By Troy Ribeiro
Film: “Masaan”; Cast: Sanjay Mishra, Richa Chadda, Vicky Kaushal, Shweta Tripathi, Saurabh Chadhary, Vineet Kumar, Pankaj Tripathi, Nikhil Sahni, Bhagwan Tiwari; Director: Neeraj Ghaywan; Rating: ***1/2
An Indo-French co-production, “Masaan” is a poignant tale of two young couples, whose lives are intertwined by fate, set against the backdrop of a crematorium on the ghats of the river Ganges in Benares.
Educated and fairly independent, Devi Pathak — although living in a small town — is unconventional, experimental and unapologetic about her life. While the unexpected death of her lover Piyush has her internalizing her traumatic loss, she simultaneously balances to maintain truce with her father Vidyadhar Pathak (Sanjay Mishra), a former Sanskrit teacher, now selling knick-knacks on the bank of the Ganges. She is in disagreement with her father who is forced to shell out a hefty bribe to the police inspector in order to keep her “shame” under wraps.
On the other hand, Deepak’s tale is a tragic romance of a promising engineering student born into the family of corpse-burners. He falls in love with an upper-caste girl, Shalu Gupta, who is willing to elope if her family opposes their alliance.
For a maiden venture, Ghaywan’s “Masaan”, is a sensitively handled, honest film with some intrepid truths about small towns in India, giving you an insight into the mind of the internet-savvy youth. These are adroitly woven into the narrative.
Varun Grover’s layered script, with a seemingly complex screenplay, oscillates between romance and melodrama. The screenplay unlocks simply, through the realistic lives of the characters, bringing to the fore, societal taboos like morality, sexual exploration and romance in a caste-driven society.
Every character is intricately well-etched and the actors leave an indelible mark with their powerful but natural performances.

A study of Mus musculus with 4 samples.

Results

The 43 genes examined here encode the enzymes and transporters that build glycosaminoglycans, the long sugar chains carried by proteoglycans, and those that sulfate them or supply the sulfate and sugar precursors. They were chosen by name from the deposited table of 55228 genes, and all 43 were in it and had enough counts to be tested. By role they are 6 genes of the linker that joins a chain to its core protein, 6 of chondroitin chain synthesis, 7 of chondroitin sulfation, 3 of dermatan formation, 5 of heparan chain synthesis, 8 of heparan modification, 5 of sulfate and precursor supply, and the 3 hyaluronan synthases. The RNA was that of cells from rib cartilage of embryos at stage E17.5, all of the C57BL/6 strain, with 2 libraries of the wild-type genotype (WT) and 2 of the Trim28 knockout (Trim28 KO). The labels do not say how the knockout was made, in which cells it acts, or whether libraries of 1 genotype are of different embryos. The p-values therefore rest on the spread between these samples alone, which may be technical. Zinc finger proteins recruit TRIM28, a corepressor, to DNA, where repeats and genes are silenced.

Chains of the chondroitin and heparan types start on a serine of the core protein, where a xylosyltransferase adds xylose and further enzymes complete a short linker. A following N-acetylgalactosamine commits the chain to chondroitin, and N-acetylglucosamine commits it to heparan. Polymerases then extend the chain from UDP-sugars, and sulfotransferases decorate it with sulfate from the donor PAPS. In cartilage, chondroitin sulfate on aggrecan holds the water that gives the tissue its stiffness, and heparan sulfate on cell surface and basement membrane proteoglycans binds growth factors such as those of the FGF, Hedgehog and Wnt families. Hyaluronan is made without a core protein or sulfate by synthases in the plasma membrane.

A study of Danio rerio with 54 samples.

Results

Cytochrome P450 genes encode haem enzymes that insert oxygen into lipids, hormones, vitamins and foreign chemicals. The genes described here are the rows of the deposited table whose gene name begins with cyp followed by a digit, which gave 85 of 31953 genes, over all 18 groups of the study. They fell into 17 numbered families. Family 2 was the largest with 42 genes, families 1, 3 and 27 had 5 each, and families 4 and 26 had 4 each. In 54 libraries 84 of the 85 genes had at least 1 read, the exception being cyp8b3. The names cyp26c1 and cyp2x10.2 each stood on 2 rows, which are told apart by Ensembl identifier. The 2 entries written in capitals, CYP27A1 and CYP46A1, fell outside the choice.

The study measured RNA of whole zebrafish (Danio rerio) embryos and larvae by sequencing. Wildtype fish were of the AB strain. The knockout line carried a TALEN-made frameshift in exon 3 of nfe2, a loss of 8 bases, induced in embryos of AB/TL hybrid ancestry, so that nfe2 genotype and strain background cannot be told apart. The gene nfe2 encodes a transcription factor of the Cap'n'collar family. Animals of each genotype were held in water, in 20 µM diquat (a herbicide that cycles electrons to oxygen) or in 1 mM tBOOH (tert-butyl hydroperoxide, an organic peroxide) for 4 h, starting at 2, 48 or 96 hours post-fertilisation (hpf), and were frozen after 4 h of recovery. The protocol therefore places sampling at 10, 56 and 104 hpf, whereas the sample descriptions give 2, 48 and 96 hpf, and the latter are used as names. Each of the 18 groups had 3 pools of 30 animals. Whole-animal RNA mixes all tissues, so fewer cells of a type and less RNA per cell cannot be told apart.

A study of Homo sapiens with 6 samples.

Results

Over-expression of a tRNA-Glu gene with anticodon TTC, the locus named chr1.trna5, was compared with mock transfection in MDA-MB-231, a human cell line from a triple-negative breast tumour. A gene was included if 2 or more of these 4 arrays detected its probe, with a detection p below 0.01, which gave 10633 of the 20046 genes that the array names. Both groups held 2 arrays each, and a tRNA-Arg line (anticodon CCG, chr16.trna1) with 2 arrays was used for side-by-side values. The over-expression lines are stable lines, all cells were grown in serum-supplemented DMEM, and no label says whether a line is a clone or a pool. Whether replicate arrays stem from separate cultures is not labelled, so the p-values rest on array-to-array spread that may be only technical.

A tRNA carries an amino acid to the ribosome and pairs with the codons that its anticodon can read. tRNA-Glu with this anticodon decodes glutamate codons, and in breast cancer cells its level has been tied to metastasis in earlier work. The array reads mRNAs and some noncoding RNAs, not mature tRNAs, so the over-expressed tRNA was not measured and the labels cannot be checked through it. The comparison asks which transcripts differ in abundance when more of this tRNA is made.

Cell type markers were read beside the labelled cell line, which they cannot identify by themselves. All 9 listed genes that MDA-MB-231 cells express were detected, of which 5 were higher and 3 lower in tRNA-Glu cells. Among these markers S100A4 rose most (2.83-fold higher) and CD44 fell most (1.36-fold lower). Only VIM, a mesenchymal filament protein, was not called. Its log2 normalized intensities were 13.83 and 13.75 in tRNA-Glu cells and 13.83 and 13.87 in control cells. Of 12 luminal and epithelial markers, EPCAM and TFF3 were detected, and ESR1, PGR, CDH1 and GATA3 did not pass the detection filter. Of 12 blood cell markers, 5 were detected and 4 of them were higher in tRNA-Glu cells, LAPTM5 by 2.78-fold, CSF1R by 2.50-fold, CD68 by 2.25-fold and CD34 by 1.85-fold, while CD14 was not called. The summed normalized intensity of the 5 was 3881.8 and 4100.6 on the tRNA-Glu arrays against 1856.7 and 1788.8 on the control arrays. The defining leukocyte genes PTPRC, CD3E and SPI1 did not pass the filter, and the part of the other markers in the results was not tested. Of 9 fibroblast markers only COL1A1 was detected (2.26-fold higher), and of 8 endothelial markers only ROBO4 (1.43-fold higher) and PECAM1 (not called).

Vicky Kaushal as Deepak, with his boy-next-door looks, is impressive. A bundle of talent, he slips into his character with unquestionable ease and sincerity. He steals your heart with his coy demeanour when he woos his lady love. You empathise with his pain and frustrations. The scene where he breaks down before his friends after losing Shalu is heart-wrenching. He is aptly supported in a realistic performance by Shweta Tripathi as Shalu, a collegian, who falls in love with his simplicity. On screen, they make an endearing pair.
Richa Chadda with a stoically glum and a stubborn demeanor as Devi, borders on being a rebel without a cause. A misfit in her surroundings, she tells her father, “jitni chhoti jagah, utni chhoti soch”. While she portrays Devi with conviction, the streak of independence in her character is not entirely substantial.
Sanjay Mishra as Vidyadhar Pathak, the small town Sanskrit teacher and father who is burdened with societal pressures, renders a realistic and brilliant performance.
Plagued by the thought of the ignominy he will bring to his family, Saurabh Chadhary as Piyush, in a small but significant role, is convincing.
Bhagwan Tiwari as the corrupt police inspector, Pankaj Tripathi as Sathyaji — Devi’s besotted colleague, and Nikhil Sahni as Jhonta — the earnest little boy who works for Vidhyadhar, make their presence felt.
While the story and performances are intense, what breaks the monotony and provides relief, is the humour that is strewn occasionally in the form of taut one-liners and old film songs. The earthy background score along with the soulful songs by the indie band Indian Ocean is soothing and meditative. It encapsulates the flavour of the place and meshes well into the narration.
Cinematographer Avinash Arun Dhaware’s camera work is fascinating. He brilliantly captures Benares in all its elements. The atmospheric lighting at the crematorium adds to the eerie and aesthetic value of the scenes.
Overall, “Masaan” keeps you riveted emotionally and haunts you long after you leave the theater.